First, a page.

More than 1,500 people marched along a busy Tampa thoroughfare Monday to protest Colombia's oldest and most powerful rebel group.
The sheer number of marchers surprised even organizers, considering the rally was put together in about three weeks.
"It was incredible,'' said Bruno Giraldo, one of the event leaders. "We were very excited."
The protest got its start on Facebook when a group of young people railed against FARC, the Revolutionary Armed Forces of Colombia, a terrorist group that is holding hostages.
It got its steam from e-mails and text messages spreading "like wildfire," Giraldo said. Major cities around the United States and the world coordinated the protest to take place at the same time.
The Tampa event drew enough marchers to cover the stretch of sidewalk along Dr. Martin Luther King Jr. Boulevard between Dale Mabry Highway and Himes Avenue.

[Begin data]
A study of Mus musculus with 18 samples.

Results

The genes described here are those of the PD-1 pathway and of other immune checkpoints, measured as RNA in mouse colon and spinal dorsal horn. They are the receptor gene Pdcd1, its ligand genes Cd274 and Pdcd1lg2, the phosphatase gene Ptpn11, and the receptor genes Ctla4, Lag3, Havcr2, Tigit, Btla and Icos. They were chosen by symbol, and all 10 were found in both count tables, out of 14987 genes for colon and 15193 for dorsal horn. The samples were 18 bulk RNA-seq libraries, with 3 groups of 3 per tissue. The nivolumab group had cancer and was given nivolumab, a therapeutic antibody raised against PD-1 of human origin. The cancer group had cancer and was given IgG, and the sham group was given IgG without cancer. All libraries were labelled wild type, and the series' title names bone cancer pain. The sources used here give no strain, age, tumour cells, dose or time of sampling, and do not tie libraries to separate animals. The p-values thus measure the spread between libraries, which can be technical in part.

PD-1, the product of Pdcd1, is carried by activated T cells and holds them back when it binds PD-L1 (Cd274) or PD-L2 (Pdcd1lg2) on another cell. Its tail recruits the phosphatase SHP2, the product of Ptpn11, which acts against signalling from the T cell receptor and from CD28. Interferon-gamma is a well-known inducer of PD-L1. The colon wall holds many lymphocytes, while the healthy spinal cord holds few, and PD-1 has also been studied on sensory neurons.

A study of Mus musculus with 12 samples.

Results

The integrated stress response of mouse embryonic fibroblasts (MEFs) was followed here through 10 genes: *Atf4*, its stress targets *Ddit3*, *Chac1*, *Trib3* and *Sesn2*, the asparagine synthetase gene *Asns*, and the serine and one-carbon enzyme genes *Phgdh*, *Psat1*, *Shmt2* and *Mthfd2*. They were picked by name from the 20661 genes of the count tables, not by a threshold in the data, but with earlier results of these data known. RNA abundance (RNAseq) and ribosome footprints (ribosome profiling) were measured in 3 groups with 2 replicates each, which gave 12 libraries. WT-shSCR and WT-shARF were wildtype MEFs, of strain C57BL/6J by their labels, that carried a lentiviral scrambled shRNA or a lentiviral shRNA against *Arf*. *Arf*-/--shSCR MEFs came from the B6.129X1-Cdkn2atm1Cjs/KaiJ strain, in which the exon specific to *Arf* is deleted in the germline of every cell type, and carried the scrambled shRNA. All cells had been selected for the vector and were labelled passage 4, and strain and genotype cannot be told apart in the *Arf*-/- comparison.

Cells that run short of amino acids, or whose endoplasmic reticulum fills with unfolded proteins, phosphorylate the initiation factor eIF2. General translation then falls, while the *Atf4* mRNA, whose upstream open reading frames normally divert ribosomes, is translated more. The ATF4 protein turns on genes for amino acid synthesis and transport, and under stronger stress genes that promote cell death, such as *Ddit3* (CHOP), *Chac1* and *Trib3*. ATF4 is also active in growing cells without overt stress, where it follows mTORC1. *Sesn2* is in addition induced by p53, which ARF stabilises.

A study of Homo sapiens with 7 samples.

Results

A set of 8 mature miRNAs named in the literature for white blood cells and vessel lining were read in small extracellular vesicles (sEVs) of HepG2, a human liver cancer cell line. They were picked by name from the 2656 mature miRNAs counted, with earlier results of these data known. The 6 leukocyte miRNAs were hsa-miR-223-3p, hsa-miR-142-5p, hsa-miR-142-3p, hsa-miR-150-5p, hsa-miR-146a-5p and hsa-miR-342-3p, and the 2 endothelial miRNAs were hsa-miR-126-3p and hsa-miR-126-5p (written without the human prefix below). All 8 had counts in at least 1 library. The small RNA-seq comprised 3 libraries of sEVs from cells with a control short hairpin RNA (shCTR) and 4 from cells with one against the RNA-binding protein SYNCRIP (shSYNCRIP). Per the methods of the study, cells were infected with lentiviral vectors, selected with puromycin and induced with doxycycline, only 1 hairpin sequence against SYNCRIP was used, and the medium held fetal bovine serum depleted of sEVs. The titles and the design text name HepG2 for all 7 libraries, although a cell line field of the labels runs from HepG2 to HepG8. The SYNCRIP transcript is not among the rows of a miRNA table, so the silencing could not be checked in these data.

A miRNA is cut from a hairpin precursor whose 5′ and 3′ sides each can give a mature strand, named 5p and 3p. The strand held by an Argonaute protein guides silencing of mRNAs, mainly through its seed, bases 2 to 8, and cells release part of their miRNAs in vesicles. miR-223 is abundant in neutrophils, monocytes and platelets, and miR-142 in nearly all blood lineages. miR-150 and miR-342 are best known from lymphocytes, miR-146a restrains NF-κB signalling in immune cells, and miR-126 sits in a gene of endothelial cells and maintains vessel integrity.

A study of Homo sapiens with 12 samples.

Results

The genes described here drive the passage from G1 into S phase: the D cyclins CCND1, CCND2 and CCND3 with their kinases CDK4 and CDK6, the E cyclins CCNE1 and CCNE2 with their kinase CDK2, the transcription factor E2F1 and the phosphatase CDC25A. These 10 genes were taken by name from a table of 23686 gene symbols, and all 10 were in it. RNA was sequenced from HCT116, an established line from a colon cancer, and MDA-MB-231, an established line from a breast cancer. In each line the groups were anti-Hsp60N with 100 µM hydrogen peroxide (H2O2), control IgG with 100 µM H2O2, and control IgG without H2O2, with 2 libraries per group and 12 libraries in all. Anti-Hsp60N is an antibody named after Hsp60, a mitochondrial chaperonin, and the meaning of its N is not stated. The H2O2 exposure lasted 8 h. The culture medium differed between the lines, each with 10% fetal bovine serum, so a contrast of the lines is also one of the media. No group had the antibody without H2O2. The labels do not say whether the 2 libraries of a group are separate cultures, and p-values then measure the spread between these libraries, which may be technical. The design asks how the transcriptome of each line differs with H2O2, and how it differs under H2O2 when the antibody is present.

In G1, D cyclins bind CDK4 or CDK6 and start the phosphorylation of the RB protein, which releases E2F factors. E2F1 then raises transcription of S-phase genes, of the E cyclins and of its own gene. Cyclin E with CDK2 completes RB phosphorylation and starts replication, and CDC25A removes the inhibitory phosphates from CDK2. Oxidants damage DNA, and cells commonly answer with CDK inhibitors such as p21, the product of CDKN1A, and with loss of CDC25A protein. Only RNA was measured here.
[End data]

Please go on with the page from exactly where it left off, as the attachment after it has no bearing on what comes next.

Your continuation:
They wore blue, yellow and red, the colors of the Colombian flag, and raised signs as they chanted, "No mas FARC."
Passing cars honked as marchers cheered. Dogs and babies slept in strollers and toddlers smiled from atop their fathers' shoulders.
"We are not political," Giraldo said. "We are just people. This is the voice of the people."
For 26-year-old Sandra Nieves of Tampa, participating was personal. She said the FARC kidnapped a friend of hers and he has not been heard from in more than two years.
"I'm here to show my support," she said, "to show that the world is paying attention."
For others, like Dr. Juan Angel of Tampa, who brought his wife and two sons, the protest served as a history lesson in love and humanity.
"It's important not just for my children," Angel said. "It's important for the whole world."
The Angel family visits Colombia every other year. About six years ago, the FARC's presence was so strong people hid inside their homes, he said.
"We want to visit a place where there is peace," he said. "Where we feel loved, safe and respected."
Dong-Phuong Nguyen can be reached at firstname.lastname@example.org or (813) 269-5312.